London-based Matteo Cerri, CEO of the international activities of The Family Officer Group, only misses a few things about his native Milan. “ I miss going to watch AC Milan playing, although recent results mean I suffer less ... and I miss some proper cotoletta alla milanese.”
Insurance and non pro t specialist Cerri moved to London in 1996 to work as Corporate Finance Executive at Cowell & Partners, formerly Mapfre Securities. At the same time, he founded the rst risk management consultancy rm devoted to NPOs in partnership with his father Franco. Although he returned for short periods to work in Italy, he is now based permanently in the city. “My first job was here, my friends are here and I live here with my wife,” he says. “London is the best location in Europe (if not the world) to run a business like ours. Furthermore our strong links with the insurance sector force me to stay here too. I see London as the best platform for European companies to look at and meet the world. London is also effectively a large Italian city, well linked to Milan and crowded with excellent professionals and entrepreneurs.”
It was back in 2004, during one of his stays in Italy, that Cerri took over the advisory services business of the Shield Group and created the present The Family Of cer Group. Fast forward to 2015 and The Family Of cer Group is recognised as one of the most important family of ces of Italian origin, with over 130 associates and representative of ces in more than 20 countries worldwide. Over the years the Group has broadened its scope and now has interests in the insurance, property, entertainment and food and beverage industries, as well as its more traditional professional services.
The Group has four divisions. The Multi Family Of ce division is a traditional multi family of ce, currently serving approximately 120 clients (15 of whom are real ‘family-of ce’ clients) alongside the Cerri family of ce. Sixty per cent are Italian families, the remainder mostly from from Eastern Europe.
The Property division invests in hotels, fashion outlets and luxury properties, while the Insurance holdings division invests in and manages niche insurance companies, brokers and innovative channels in the sector.
I2I is the group’s small venture capital company. It invests in growing UK companies managed and controlled by Italian entrepreneurs in London. It was launched last year and is now involved in 18 companies for a total of £4 million. Its portfolio includes events company Eat, Drink, Love Italian.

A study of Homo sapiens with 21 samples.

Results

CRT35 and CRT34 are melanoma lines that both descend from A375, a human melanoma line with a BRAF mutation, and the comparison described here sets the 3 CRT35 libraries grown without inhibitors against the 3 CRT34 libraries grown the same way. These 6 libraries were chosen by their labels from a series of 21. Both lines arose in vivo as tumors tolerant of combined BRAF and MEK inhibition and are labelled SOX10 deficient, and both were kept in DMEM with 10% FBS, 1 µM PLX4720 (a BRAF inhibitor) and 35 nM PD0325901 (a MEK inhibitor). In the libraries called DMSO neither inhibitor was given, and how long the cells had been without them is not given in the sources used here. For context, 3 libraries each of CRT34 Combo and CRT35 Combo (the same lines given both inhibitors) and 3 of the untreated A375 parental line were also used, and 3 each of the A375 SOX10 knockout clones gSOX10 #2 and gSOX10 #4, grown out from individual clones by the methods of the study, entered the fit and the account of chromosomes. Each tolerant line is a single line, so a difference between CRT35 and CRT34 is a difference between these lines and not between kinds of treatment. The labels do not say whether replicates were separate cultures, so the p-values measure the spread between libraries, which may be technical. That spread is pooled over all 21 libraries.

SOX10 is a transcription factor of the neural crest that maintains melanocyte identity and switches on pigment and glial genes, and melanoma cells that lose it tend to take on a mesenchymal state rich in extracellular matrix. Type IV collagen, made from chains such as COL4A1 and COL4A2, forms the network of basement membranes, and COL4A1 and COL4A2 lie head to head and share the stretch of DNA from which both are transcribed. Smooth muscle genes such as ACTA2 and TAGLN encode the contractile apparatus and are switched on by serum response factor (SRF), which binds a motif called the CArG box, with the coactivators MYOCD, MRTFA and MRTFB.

Cerri says that Italy accounts for about sixty per cent of his business, although that gure is decreasing. “Meanwhile we have a growing growing stake and visibility in anything that’s Italian in London (and soon also in the USA and China),” he adds.
Business e via Italy’s involvement with the group began some time ago. “Ben of BEV is a master networker. I appreciate his open mind, his willingness to create links, relationship and to support anything that’s innovative, active and working. So whatever he does it’s interesting for me and I enjoy involving and promoting him in whatever we do. He is a good professional who I trust.”
They work together in a way Cerri describes as very simple. “We keep in touch, we exchange ideas and opportunities. If something is interesting we share it. He forward me lots of ideas and sometimes I get involved and eventually invest in them or keep them in my network. At the same time I always involve BEV in my promotions, events and new projects.”
Having lived in London for so long, Cerri has his own take on the differences between how business is done in the UK and Italy. “To run a business like mine in Italy would probably cost me three times as much in terms of money, time and stress. The UK is a fertile environment for most businesses as long as you are serious, prepared, hard working and pragmatic. In Italy, business still depends a lot on adaptability and few technical skills but huge networking power. That’s not necessarily a bad thing, just not my cup of tea. There is nothing wrong in doing deals thanks to who you know, but it’s bad when it’s the only thing you rely on. I am often frustrated by the very poor preparation of many Italian professionals and that’s unforgivable.”
Cerri has a few words of wisdom for those doing business with Italy for the rst time. “Get ready to invest a lot of time, to cope with unexpected delays and formalities. There is so much to do and to improve and I believe it should be our duty as Italians to do our best to help foreign investors to look at Italy.
Cerri might sound critical but it is the criticism of one who is deeply in love with his country. And does he miss Italy at all? “No, I don’t miss Italy. You miss something that you left, I have not left Italy, I live it from London.”